Two weeks after leaving her position as an intelligence analyst for the U.S. National Security Agency in 2014, Lori Stroud was in the Middle East working as a hacker for an Arab monarchy.
She had joined Project Raven, a clandestine team that included more than a dozen former U.S. intelligence operatives recruited to help the United Arab Emirates engage in surveillance of other governments, militants and human rights activists critical of the monarchy.
Stroud and her team, working from a converted mansion in Abu Dhabi known internally as “the Villa,” would use methods learned from a decade in the U.S intelligence community to help the UAE hack into the phones and computers of its enemies.
Stroud had been recruited by a Maryland cybersecurity contractor to help the Emiratis launch hacking operations, and for three years, she thrived in the job. But in 2016, the Emiratis moved Project Raven to a UAE cybersecurity firm named DarkMatter. Before long, Stroud and other Americans involved in the effort say they saw the mission cross a red line: targeting fellow Americans for surveillance.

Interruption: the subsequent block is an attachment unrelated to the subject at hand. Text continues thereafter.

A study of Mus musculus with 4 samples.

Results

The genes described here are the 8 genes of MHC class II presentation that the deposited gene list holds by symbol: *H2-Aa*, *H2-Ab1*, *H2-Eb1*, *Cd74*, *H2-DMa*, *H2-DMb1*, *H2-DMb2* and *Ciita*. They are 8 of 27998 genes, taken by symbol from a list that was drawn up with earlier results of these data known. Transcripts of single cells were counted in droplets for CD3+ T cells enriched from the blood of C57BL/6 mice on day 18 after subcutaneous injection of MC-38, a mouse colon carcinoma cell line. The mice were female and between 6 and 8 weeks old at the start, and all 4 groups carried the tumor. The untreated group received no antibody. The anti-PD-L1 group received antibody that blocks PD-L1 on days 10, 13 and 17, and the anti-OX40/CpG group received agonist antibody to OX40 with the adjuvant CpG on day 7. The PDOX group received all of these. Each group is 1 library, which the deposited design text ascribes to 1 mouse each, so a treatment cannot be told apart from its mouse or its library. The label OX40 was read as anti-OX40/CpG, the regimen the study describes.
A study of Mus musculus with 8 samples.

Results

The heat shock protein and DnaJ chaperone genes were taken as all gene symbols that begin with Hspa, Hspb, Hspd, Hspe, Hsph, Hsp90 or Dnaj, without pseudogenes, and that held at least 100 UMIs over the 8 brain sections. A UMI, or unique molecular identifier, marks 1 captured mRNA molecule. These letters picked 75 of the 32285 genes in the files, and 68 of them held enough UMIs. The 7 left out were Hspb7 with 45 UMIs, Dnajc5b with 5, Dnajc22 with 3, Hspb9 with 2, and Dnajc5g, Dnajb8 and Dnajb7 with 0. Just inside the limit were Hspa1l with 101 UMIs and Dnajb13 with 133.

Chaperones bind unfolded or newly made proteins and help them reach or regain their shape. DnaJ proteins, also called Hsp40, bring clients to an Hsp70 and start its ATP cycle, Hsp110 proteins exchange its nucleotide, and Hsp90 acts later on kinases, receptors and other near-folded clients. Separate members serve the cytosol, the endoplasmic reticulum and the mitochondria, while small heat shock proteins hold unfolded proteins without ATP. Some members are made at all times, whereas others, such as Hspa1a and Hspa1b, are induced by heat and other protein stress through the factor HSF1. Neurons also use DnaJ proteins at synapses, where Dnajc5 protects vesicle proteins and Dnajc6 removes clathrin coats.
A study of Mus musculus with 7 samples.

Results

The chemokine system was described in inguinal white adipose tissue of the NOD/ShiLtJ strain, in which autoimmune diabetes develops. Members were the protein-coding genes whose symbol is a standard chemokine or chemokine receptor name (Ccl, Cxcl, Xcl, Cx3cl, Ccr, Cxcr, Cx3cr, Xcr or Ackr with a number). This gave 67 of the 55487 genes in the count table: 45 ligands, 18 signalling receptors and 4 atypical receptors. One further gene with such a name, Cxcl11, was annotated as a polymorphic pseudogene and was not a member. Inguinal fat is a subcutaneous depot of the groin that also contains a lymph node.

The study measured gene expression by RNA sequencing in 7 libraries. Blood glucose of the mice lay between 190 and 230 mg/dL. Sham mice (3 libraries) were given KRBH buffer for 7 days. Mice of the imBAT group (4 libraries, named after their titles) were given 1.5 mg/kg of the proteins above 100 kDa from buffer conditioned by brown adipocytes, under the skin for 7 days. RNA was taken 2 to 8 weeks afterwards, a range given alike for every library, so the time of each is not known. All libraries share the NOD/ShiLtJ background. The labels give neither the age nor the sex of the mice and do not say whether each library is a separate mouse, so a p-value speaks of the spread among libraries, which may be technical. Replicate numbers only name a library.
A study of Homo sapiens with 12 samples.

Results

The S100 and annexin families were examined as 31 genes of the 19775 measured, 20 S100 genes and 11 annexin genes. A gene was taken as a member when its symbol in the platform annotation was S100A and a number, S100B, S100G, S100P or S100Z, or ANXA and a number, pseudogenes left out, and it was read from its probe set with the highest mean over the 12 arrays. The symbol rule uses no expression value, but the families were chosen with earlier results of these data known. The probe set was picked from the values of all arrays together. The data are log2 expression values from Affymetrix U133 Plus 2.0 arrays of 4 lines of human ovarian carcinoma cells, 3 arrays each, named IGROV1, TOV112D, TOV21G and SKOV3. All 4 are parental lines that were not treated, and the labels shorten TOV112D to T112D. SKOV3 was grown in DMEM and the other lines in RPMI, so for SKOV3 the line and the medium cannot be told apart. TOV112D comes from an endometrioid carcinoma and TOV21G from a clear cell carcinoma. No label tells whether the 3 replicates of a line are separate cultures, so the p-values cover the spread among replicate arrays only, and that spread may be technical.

“I am working for a foreign intelligence agency who is targeting U.S. persons,” she told Reuters. “I am officially the bad kind of spy.”
The story of Project Raven reveals how former U.S. government hackers have employed state-of-the-art cyber-espionage tools on behalf of a foreign intelligence service that spies on human rights activists, journalists and political rivals.
Interviews with nine former Raven operatives, along with a review of thousands of pages of project documents and emails, show that surveillance techniques taught by the NSA were central to the UAE’s efforts to monitor opponents. The sources interviewed by Reuters were not Emirati citizens.